The Bombay High Court today refused to hear the petitions filed by District Central Co-operative Banks(DCCB) from Mumbai, Nashik, Sholapur, Thane and Pune challenging the November 14 circular issued by the Reserve Bank of India. The divison bench of Justices AS Oka and Anuja Prabhudessai took this decision after there seemed to be some confusion with regard to what transpired in the Supreme Court during the hearing of the transfer petition filed by the centre.
Although CJI TS Thakur declined to stay any of the proceedings in the High Court, the same was not categorically recorded in the subsequent order. Justice Oka then asked the counsels for the petitioners to get a clarification from the apex court regarding the stay on proceedings, since it was not a part of the order. He said- “You can obtain a clarification from the Supreme Court, if SC says that there is no stay then we will hear the matter. But until then it will not be proper for us to hear the matter.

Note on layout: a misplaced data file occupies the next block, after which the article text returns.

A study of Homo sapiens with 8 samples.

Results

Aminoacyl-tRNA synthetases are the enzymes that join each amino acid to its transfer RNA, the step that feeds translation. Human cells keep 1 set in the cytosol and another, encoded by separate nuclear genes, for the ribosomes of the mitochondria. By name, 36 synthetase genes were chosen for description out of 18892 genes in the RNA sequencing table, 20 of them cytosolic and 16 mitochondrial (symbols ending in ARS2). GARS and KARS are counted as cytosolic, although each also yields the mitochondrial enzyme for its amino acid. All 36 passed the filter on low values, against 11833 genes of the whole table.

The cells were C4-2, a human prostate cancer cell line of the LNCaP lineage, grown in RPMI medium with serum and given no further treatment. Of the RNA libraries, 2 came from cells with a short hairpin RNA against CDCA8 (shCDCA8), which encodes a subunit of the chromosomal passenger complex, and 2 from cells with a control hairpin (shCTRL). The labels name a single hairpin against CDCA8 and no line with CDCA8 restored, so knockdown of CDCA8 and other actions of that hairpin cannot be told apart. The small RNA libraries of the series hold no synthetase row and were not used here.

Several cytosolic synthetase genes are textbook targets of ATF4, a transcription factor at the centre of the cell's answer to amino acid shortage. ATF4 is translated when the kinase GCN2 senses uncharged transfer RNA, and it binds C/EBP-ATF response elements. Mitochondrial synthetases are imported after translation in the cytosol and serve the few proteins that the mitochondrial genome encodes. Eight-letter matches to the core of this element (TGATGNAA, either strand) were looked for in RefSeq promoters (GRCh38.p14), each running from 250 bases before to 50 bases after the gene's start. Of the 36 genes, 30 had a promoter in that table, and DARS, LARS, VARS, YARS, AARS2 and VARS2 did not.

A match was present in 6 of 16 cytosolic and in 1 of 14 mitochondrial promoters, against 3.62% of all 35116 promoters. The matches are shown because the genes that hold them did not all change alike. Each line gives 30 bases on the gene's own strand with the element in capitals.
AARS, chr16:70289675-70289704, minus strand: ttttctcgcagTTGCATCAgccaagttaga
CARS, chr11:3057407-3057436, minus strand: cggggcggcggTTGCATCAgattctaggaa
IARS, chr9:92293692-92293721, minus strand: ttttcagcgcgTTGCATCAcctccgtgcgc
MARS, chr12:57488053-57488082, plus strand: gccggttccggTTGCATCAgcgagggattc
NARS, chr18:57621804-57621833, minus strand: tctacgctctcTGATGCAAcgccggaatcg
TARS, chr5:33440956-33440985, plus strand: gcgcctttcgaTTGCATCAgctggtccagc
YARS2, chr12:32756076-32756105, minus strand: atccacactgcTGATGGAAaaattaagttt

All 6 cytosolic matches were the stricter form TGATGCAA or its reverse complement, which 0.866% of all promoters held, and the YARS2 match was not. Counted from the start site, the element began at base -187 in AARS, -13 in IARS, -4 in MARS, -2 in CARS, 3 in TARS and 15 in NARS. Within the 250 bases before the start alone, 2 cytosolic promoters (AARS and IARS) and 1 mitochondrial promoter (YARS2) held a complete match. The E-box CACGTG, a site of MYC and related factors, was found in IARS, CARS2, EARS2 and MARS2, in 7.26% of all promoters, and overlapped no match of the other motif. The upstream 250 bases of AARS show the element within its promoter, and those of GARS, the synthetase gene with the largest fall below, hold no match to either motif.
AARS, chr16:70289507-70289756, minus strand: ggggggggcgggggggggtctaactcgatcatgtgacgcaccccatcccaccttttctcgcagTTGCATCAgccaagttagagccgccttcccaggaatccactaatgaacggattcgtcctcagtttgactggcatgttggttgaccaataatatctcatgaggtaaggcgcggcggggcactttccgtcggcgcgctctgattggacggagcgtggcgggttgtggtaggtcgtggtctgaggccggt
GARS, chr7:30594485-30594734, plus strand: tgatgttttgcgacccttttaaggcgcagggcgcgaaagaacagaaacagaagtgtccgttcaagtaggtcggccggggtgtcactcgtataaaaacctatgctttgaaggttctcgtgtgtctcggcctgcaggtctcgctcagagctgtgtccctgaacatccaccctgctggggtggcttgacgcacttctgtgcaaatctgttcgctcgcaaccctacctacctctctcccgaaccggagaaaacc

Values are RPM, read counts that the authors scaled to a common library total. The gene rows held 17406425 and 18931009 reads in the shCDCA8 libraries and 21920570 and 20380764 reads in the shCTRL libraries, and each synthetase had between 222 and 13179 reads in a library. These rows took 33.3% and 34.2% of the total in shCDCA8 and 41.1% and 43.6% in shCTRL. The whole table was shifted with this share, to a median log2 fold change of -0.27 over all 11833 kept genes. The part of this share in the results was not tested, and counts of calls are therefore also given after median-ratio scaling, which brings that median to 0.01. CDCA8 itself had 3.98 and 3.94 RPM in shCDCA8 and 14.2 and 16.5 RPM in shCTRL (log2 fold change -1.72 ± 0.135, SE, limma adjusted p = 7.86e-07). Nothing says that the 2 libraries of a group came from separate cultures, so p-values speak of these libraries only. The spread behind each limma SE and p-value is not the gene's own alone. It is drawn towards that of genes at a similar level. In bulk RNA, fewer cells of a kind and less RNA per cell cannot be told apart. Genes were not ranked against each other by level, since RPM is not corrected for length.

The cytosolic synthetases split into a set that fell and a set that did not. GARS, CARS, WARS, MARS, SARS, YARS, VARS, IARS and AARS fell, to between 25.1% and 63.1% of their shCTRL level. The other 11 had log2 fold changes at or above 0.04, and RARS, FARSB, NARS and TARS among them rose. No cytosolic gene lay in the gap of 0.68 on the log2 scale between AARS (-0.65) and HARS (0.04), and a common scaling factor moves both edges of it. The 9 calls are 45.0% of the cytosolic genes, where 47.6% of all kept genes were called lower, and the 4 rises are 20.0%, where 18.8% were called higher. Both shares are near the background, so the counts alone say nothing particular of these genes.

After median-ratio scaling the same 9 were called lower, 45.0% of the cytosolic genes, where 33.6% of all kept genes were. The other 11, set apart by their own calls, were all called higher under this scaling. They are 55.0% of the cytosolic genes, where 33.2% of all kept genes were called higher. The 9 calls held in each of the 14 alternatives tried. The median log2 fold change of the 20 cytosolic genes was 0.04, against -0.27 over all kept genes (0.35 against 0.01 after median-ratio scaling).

Meanwhile, the Union government came out with a clarification today regarding circulars issued by the Reserve Bank of India on November 8 and 9 post demonetisation. This clarification essentially means that the centre has taken a stand that there is no inconsistency between the two circulars and the November 14 circular that is under challenge before the Bombay High Court, stands as it is. This is significant as the bench had previously observed that prima facie there were inconsistencies between the two circulars issued.
The primary circular that was issued notifying demonetisation of 500 and 1000 rupee notes was issued on November 8, however another circular was issued on November 14. The circular prohibits district co-operative banks from allowing exchange or deposit of old 500 and 100 rupee notes. The said circular was then challenged by District Central Co-operative Banks(DCCB) from Mumbai, Nashik, Sholapur, Sangli, Thane and Pune as well. Senior Advocates Rafiq Dada, Anil Sakhre appeared for the banks while Additional Solicitor General Maninder Singh appeared for the Union.
Counsels for the petitioners have argued that even though crores of rupees have been deposited in these DCCBs the same is being refused by State Bank of India which is clearing agent for these banks. Also these banks are unable to provide the interest rates guaranteed by them to their depositors. The matter will now come up for hearing on December 5, while the apex court will be hearing the transfer petitions on December 2.